Wednesday, February 22, 2012

Had We Been Had by "Rich Dad, Poor Dad"?

I guess, in a sense, one could say that my interest in business and finance began when I read Robert Kiyosaki's best-selling personal finance book, Rich Dad, Poor Dad, almost a decade ago. Back then, a lot of the things Mr. Kiyosaki said made a lot of sense to me: I completely bought in to the idea that the only way make it "big" and get out of "the rat race" is to earn passive income from investments and/or from running your own business. Come to think of it, I guess I still do believe in these things, perhaps even more so now than ten years ago.

However, I do recall a few things about the book that struck me as odd. For example, I had this uneasy feeling that Kiyosaki made things seem simpler and easier than they are, in truth. And I didn't really like it when he made counter-intuitive points just for the sake of making a counter-intuitive point, or when he tried to seem "wise" by superficially challenging conventional wisdom. Like how he refers to a car as a liability and not an asset: while he does make valid points about how a car costs money to maintain and loses value over time--thus a "liability" in common usage--he misleads and confuses readers by not making a distinction between this definition and the accounting definition of the term.

Ultimately, criticisms against Mr. Kiyosaki and his philosophy center on the limitations and shortfalls of his advice. As this old Wall Street Journal article discusses, much of what Kiyosaki passes off as "financial advice" may be found wanting in terms of theory and common sense, and some even contradict his personal experiences in business and investing. Nevertheless, those who have read one or some of his books would agree that the basic premise of the Rich Dad, Poor Dad philosophy does make sense and would be an effective source of motivation for a lot of people.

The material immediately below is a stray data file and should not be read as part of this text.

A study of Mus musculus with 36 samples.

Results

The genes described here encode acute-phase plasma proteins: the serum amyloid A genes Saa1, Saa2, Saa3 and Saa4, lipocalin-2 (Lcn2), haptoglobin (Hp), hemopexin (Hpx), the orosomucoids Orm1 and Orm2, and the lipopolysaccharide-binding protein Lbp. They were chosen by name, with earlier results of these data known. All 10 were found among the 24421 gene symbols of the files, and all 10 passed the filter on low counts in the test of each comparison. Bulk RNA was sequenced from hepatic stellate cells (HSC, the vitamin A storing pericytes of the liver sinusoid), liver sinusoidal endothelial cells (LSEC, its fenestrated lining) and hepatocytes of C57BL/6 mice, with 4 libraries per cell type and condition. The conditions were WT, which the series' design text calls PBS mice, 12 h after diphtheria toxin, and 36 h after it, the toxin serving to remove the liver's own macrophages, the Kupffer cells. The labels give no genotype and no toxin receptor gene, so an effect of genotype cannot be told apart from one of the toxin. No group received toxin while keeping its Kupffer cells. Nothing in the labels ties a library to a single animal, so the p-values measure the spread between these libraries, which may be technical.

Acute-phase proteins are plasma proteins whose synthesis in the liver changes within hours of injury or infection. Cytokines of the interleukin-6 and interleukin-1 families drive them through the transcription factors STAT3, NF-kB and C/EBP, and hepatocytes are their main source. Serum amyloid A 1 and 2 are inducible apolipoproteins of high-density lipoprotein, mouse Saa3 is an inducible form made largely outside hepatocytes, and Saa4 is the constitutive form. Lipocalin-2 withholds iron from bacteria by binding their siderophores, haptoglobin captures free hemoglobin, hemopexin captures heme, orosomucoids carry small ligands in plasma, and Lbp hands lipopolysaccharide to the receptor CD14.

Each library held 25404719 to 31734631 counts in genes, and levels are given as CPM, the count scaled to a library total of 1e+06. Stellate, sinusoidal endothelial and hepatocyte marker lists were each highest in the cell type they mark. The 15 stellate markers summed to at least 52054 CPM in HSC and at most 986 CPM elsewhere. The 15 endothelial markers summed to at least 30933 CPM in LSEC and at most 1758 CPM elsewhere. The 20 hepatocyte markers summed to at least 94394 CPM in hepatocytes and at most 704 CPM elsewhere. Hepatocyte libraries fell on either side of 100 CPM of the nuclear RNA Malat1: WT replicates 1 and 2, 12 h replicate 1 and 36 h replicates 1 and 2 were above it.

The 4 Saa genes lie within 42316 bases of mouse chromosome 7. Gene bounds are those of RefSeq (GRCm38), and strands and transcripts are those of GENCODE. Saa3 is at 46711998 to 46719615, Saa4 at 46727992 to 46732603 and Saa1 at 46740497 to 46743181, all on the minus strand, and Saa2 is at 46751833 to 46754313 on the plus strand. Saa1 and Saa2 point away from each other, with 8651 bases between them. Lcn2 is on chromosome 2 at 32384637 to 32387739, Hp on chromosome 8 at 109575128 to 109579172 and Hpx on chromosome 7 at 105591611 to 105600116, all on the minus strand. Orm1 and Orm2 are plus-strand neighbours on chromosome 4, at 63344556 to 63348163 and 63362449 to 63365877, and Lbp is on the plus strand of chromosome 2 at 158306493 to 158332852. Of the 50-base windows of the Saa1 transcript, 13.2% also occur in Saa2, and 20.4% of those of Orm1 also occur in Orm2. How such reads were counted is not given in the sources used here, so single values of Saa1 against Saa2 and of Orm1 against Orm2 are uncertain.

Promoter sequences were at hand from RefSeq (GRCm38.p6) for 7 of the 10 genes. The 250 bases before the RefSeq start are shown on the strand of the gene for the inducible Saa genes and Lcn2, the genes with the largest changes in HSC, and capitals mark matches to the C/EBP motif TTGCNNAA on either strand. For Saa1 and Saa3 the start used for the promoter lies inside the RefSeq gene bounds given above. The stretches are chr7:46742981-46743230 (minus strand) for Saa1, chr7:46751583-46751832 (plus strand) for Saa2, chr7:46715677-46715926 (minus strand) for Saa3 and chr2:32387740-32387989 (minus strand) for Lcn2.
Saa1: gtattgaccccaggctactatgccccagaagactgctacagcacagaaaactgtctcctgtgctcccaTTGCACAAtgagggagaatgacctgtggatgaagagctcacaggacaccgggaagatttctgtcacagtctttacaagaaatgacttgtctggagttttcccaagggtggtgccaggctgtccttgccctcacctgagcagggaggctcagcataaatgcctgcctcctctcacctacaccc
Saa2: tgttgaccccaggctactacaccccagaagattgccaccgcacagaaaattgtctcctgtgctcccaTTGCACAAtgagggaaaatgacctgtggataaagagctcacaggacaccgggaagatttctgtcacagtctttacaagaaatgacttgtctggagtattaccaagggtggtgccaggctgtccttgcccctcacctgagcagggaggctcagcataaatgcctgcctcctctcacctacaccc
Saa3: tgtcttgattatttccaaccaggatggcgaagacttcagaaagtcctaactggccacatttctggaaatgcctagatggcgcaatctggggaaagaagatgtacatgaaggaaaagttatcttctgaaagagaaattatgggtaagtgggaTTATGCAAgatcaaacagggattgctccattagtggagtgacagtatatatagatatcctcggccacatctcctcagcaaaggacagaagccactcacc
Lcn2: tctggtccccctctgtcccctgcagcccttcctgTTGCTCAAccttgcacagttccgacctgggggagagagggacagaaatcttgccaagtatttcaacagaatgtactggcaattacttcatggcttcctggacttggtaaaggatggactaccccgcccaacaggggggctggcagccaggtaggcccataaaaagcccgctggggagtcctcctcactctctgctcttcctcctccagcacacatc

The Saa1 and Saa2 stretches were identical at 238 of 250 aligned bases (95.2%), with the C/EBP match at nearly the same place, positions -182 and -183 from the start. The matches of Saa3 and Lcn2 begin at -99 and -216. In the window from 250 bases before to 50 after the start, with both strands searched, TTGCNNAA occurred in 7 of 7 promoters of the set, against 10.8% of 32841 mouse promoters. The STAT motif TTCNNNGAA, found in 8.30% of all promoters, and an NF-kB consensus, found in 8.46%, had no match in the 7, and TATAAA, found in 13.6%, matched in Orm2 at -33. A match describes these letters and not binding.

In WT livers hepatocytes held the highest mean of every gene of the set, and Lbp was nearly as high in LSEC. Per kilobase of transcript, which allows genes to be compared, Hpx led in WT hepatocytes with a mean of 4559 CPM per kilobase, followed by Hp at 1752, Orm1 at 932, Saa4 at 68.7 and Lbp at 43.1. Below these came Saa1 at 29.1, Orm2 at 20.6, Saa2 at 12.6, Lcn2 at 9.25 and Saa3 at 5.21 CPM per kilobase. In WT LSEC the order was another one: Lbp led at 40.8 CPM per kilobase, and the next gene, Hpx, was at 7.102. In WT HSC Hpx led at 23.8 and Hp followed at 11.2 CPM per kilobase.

Perhaps not even Mr. Kiyosaki will deny that he makes a substantial amount of money from Rich Dad, Poor Dad and everything that is associated with it. There's nothing wrong with that--it's his intellectual property and a lot of people are willing to pay a small amount to find out what he has to say. However, when entities that are associated with him and who are legally entitled to using the Rich Dad, Poor Dad name start extorting thousands of US (Canadian) dollars from ordinary citizens who just want to learn how to improve their lives, we should begin to question the credibility of Mr. Kiyosaki's operation and the sincerity of his intentions. Watch this investigative video from CBC News and you be the judge.